Long Beach Middle School student Miriam Starobin, 12,

Long Beach Middle School student Miriam Starobin, 12, right, saved classmate Allyson Golden, 12, who was choking on a piece of gum Tuesday. (April 22, 2010) Photo Credit: Kevin P. Coughlin

SpongeBob to the rescue! 

Miriam Starobin and Allyson Golden were rehearsing in choir class at Long Beach Middle School when a teacher's joke sent the seventh-graders into fits of laughter.

The two 12-year-olds fell almost to the floor, and Allyson leaned her head back. That's when her stick of gum became lodged in her throat.

Miriam noticed her best friend was quiet. She saw Allyson turn red, saw her kicking her legs.

Then, the most unlikely of influences popped into her head: SpongeBob SquarePants.

In an instant she recalled an episode on the cartoon when SpongeBob's friend, Squidward, was choking and had to be saved.

Miriam sprang into action, wrapping her arms around Allyson from behind.

"I got her up . . . I think I took my left hand and covered it with my right and pushed into her stomach three or four times," Miriam recalled.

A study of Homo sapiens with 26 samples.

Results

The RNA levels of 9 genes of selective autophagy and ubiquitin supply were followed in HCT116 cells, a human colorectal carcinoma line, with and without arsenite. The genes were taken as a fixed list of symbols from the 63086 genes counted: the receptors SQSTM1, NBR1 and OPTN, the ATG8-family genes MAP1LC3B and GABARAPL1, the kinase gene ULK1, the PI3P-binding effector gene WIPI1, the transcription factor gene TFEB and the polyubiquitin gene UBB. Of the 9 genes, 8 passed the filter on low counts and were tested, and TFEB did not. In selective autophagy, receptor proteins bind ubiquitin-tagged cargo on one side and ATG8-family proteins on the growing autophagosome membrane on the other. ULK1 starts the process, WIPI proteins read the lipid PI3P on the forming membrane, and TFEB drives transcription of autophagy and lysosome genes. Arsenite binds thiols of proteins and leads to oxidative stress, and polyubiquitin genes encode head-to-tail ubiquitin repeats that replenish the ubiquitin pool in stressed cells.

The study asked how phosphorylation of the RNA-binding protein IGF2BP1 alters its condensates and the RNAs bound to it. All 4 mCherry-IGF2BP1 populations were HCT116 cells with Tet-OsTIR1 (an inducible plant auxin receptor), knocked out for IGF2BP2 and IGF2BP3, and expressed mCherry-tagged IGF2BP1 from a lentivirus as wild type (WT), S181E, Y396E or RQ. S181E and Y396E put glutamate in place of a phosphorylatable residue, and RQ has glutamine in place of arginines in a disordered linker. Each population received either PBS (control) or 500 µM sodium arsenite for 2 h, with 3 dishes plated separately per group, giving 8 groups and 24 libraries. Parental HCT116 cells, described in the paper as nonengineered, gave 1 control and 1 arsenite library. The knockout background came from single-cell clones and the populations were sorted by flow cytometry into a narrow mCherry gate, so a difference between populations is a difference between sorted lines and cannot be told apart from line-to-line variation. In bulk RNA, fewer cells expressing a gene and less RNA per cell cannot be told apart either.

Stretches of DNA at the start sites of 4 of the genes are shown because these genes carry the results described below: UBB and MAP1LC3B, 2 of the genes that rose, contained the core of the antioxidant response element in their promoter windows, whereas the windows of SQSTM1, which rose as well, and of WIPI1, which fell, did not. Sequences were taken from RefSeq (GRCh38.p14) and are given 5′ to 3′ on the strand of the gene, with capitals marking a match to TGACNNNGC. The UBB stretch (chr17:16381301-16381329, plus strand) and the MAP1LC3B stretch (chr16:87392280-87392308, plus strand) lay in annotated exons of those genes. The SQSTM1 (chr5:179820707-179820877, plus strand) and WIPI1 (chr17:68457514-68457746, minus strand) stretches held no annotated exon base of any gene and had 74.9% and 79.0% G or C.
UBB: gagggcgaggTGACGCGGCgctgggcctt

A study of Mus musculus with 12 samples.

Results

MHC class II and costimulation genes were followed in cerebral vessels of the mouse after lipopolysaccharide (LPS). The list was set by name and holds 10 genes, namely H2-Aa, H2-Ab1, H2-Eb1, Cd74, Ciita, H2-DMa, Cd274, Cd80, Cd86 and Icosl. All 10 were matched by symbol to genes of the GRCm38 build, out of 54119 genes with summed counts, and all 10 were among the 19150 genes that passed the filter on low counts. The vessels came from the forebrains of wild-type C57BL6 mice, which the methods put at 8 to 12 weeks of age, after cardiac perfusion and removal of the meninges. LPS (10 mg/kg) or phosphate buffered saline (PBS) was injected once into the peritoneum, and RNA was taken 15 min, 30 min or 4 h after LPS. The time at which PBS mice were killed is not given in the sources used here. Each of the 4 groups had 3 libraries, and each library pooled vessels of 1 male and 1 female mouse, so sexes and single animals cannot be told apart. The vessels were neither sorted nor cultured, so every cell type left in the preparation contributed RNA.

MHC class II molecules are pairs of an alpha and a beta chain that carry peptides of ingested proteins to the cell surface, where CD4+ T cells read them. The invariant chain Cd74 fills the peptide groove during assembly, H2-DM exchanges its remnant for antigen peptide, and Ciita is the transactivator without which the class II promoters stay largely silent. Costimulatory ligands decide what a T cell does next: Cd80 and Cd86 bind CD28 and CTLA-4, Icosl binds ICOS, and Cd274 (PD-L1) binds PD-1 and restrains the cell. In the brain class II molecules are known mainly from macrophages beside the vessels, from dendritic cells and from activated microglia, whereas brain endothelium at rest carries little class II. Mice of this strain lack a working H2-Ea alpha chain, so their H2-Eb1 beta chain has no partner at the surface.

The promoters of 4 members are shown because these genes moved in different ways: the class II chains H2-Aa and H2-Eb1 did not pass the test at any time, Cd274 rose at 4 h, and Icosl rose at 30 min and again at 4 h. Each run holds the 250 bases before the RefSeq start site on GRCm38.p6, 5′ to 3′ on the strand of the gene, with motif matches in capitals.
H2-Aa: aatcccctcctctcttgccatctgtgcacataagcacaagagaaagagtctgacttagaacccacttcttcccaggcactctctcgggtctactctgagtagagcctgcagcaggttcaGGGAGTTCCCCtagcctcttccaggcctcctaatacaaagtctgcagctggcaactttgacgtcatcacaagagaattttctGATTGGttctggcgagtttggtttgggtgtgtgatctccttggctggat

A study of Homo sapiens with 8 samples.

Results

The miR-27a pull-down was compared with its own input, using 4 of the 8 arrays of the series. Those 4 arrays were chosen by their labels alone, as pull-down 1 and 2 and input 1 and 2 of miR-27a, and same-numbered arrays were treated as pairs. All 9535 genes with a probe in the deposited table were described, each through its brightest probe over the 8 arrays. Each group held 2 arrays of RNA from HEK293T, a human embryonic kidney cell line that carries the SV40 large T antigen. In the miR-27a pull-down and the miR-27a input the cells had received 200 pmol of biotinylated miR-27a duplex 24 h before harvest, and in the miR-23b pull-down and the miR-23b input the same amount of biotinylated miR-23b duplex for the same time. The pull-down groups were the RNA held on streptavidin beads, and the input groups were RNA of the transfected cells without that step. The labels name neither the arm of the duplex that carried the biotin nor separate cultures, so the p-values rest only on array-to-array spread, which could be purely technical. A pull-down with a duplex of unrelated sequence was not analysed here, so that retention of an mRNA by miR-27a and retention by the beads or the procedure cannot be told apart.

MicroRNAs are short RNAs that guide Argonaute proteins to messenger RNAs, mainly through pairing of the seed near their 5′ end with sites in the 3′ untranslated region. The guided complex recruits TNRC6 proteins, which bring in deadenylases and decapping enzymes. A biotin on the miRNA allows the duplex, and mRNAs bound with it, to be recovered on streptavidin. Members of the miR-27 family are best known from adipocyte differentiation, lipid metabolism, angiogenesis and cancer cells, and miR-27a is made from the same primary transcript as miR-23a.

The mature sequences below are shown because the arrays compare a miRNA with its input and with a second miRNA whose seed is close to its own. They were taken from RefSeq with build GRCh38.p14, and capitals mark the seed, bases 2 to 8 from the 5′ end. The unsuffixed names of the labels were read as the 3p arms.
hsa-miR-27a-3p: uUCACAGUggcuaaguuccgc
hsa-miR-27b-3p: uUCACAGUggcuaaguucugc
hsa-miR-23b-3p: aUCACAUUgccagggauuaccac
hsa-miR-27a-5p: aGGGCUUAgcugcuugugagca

The gum flew out and landed a few feet away. Allyson caught her breath.

"I was thinking, 'I am going to die, and I am going to die because I couldn't breathe,' " Allyson said. Afterward, she said of her friend, "I gave her the biggest hug and I was in shock."

Music teacher Sanford Mauskopf had been practicing a song with another student on Tuesday at the piano when Allyson started choking and Miriam saved her.

"I said, 'Wow - you saved her life,' " Mauskopf said.

Miriam has had no medical training. She said she hasn't learned CPR and has not studied the choking warning posters posted in cafeterias and restaurants.

"It was that, and I really just did it," she said. "I remember SpongeBob and Squidward and Squidward choking on a clarinet."

In the episode "Squidtastic Voyage," Squidward gets a clarinet lodged in his throat, and SpongeBob pulls most of it out.

In another episode, Squidward swallows a fork and is resuscitated by SpongeBob's pal, Patrick, a pink starfish who is not particularly bright.

"We think it's smart thinking on Miriam's part, and we are happy that SpongeBob could be such a positive help," said a spokeswoman for Nickelodeon, the network that airs the cartoon.

Miriam said she also is a big fan of medical shows, such as "Grey's Anatomy," and may have picked up some useful knowledge from there.

Meanwhile, teachers are calling her a hero in the hallways and Allyson's mother, Debbie Golden, is very thankful.

And Allyson, who had been chewing gum in school, which is against policy, has vowed never again to chew after Tuesday's incident.

"I am indebted to her for life and she did a wonderful thing saving my daughter," Debbie Golden said. "And I love her."